Football
Women Enjoy Learning Football From The Illini

June 10, 2006

by Christa McGraw

[editor's note: Christa McGraw appears in the second-to-last photo in the gallery below]

Women learning the game of football

The Great West Hall of Memorial Stadium was invaded by women of all ages Saturday with one common goal, to learn more about the game of football. The Illinois coaching staff took a break from its daily routine and turned their attention towards mothers, wives, daughters, sisters, and football fans alike to help them better understand the game of football.

As for me, I would consider myself knowledgeable about the game because as a girl, I grew up watching football with my brother and dad, and have always had a love for the sport. I know there is more to the game than reaching the end zone or kicking the ball through the uprights to score. So, if I understand the basic point of the game, know the positions, and realize sweeping is not just about mops and brooms, what do I need with a women's football clinic?

(continued below the photo gallery)
At first, I didn't know what to expect from a football seminar. I couldn't imagine how a coaching staff, as talented as it may be, could possibly spend an entire day talking about downs, tackles, and offensive strategy, and actually make it interesting...to women!

Now, I have to admit I'd rather not spend Saturday cleaning, doing laundry, or running errands. I'd rather learn about football for six hours, but that may not be how a typical female would picture spending her Saturday. This clinic, however, was not just about the tactics, strategies, and fundamentals of the game, but more about the sport in its entirety. It was a crash course that gave women an insight into why the men in their life live for Monday Night Football.

Teaching football to a group of women might seem like a difficult task, but the Illinois coaching staff had an effective game plan. They divided us into teams, beginner, intermediate, and advanced, based on our knowledge of the game. The full schedule of events started in the morning with informative sessions on the team's strength and conditioning workouts, athletic training, and equipment, as well as a tour of the facilities.

This tour did not detail the interior design of Irwin Practice Center and the only color swatches that we noticed were orange and blue. We did, however, learn of the pluses and minuses of the different types of turf that are available and were amazed by the size of the weight room and the state of the art equipment it held. Helmets, faceguards, pads, and uniforms were plentiful in the equipment room where there is more laundry than most moms care to imagine. The spacious and comfortable locker rooms held not only individual space for each player but a common area for relaxation.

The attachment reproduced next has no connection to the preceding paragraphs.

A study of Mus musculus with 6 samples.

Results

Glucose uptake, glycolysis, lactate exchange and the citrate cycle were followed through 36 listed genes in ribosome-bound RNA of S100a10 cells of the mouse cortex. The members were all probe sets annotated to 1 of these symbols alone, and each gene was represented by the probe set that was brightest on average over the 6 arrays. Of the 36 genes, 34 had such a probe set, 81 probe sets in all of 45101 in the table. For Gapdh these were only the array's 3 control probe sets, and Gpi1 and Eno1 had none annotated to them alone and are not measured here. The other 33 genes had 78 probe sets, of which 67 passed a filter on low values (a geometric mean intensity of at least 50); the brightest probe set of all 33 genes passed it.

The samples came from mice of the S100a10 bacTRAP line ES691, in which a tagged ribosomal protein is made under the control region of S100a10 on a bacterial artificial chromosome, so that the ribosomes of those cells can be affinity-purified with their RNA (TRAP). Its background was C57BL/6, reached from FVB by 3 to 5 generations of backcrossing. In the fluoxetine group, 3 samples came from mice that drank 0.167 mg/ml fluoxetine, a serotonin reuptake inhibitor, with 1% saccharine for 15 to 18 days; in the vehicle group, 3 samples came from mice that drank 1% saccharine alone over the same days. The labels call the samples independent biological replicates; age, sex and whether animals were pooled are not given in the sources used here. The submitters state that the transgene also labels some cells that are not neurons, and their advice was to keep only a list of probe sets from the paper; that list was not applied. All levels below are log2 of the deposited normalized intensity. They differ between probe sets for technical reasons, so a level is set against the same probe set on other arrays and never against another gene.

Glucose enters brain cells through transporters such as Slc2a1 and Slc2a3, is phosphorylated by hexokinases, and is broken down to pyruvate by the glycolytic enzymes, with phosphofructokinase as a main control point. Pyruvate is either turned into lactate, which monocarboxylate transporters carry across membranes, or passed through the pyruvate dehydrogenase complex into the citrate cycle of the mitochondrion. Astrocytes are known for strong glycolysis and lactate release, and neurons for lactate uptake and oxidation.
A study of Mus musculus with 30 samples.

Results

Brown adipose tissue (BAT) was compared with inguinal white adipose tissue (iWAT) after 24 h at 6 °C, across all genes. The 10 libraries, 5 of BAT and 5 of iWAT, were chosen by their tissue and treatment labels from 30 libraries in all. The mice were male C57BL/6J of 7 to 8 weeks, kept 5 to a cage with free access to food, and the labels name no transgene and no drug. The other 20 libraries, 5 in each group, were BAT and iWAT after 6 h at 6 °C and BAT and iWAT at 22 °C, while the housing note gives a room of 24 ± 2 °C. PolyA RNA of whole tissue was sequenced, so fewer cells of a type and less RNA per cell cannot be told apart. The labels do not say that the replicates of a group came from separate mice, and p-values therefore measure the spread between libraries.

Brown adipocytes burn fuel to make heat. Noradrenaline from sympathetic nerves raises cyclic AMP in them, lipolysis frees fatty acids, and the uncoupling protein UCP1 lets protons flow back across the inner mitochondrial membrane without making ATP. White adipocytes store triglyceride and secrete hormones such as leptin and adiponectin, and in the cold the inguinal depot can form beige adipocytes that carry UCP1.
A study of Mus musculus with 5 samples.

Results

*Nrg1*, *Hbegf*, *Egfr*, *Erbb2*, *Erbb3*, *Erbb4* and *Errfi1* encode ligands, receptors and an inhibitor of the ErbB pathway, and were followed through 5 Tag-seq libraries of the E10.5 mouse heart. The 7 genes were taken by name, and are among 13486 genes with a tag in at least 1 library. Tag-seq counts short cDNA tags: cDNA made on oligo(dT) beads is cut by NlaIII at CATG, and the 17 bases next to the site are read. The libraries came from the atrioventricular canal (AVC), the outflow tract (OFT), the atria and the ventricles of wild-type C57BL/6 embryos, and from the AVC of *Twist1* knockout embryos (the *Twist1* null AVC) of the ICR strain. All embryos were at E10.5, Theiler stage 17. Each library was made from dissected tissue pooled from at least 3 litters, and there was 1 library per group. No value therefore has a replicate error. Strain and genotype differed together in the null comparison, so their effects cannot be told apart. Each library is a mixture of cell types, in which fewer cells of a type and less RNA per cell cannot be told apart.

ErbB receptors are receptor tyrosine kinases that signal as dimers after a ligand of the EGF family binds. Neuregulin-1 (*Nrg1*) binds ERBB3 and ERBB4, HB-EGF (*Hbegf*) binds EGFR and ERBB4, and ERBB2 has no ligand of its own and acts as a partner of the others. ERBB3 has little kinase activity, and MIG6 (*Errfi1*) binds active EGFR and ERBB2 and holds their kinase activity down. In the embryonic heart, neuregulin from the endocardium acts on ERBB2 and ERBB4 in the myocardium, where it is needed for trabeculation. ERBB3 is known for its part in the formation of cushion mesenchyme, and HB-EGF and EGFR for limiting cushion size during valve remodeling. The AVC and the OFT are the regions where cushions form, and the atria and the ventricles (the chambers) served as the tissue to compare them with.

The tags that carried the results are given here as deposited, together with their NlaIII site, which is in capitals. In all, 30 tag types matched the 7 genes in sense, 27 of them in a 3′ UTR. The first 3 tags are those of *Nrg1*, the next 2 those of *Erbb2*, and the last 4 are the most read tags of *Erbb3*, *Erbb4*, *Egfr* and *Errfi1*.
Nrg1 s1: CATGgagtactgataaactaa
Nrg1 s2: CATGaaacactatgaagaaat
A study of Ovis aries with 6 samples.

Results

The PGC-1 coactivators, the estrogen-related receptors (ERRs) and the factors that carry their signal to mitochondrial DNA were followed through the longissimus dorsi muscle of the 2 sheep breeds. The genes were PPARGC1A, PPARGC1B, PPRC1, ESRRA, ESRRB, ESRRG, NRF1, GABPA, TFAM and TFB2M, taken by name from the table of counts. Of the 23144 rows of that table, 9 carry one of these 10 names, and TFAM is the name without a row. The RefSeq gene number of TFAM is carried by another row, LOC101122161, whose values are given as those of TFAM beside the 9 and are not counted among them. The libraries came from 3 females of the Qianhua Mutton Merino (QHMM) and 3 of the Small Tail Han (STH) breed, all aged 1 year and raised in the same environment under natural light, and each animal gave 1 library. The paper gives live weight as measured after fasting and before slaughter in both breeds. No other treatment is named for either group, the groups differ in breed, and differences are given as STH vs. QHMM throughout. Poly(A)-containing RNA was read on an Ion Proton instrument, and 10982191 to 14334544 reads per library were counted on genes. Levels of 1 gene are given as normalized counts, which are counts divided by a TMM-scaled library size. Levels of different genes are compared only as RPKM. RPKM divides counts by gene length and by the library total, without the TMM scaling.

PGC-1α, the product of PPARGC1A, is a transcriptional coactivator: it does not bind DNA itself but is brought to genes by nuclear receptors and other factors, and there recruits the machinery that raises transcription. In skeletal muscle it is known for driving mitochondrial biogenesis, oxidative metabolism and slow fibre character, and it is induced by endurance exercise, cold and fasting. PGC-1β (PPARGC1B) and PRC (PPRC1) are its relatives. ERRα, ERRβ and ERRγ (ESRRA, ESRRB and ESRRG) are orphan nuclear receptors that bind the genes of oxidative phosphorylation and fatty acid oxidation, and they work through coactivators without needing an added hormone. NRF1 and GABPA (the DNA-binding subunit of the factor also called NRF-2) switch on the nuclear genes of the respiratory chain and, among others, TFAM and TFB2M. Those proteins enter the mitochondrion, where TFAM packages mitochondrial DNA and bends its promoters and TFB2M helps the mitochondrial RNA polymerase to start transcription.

All of these sessions, along with the visual tour, gave an insight into the many facets of developing a football team, including the relationships that are built, both on and off the field, between coaches and players. During both the coach's wives' and current players' question-and-answer panels, it was easy to see the laid-back and comfortable relationship this team has formed.

The coaching staff broke out the playbook in the afternoon, when we separated as groups and attended sessions on special teams, offense, and defense. More specific terms, plays, and strategies were explained and the rough-and-tough side of football came out.

Demonstrations and hands-on activities simplified the game along with humor and easy-to-remember phrases. Even someone who knows about the game would find this beneficial. I knew the basics about kick-off returns, but didn't realize all the strategy behind what Coach Dino Dawson put as "getting the bread home to Mama." I understood the line of scrimmage, but never heard it defined as "10 big guys trying to kill each other." And not to mention, I have never seen a group of men so determined to send 80 women home with enough information and tricks of the trade to impress their husbands, boyfriends, and brothers.

In a way, I almost felt as if I were at football practice myself, reviewing film in the players' squad room. The football coaches in front of me with their laser pointers may have added to that experience, but the clinic itself gave me an idea of what a football player experiences day in and day out. As both a student at the University and a fan of Illinois football, it gave me a better appreciation and realization of how much time and effort the coaches and players put into this program year-round.

At the end of the day, I may have not been an expert on the game of football or the future coach of the Illini. But after hours spent learning the inside tactics and strategies of the game, the participants in this year's clinic now have the "option" of either spending game day tailgating outside Memorial Stadium or watching the Fighting Illini with a new understanding of the game of football.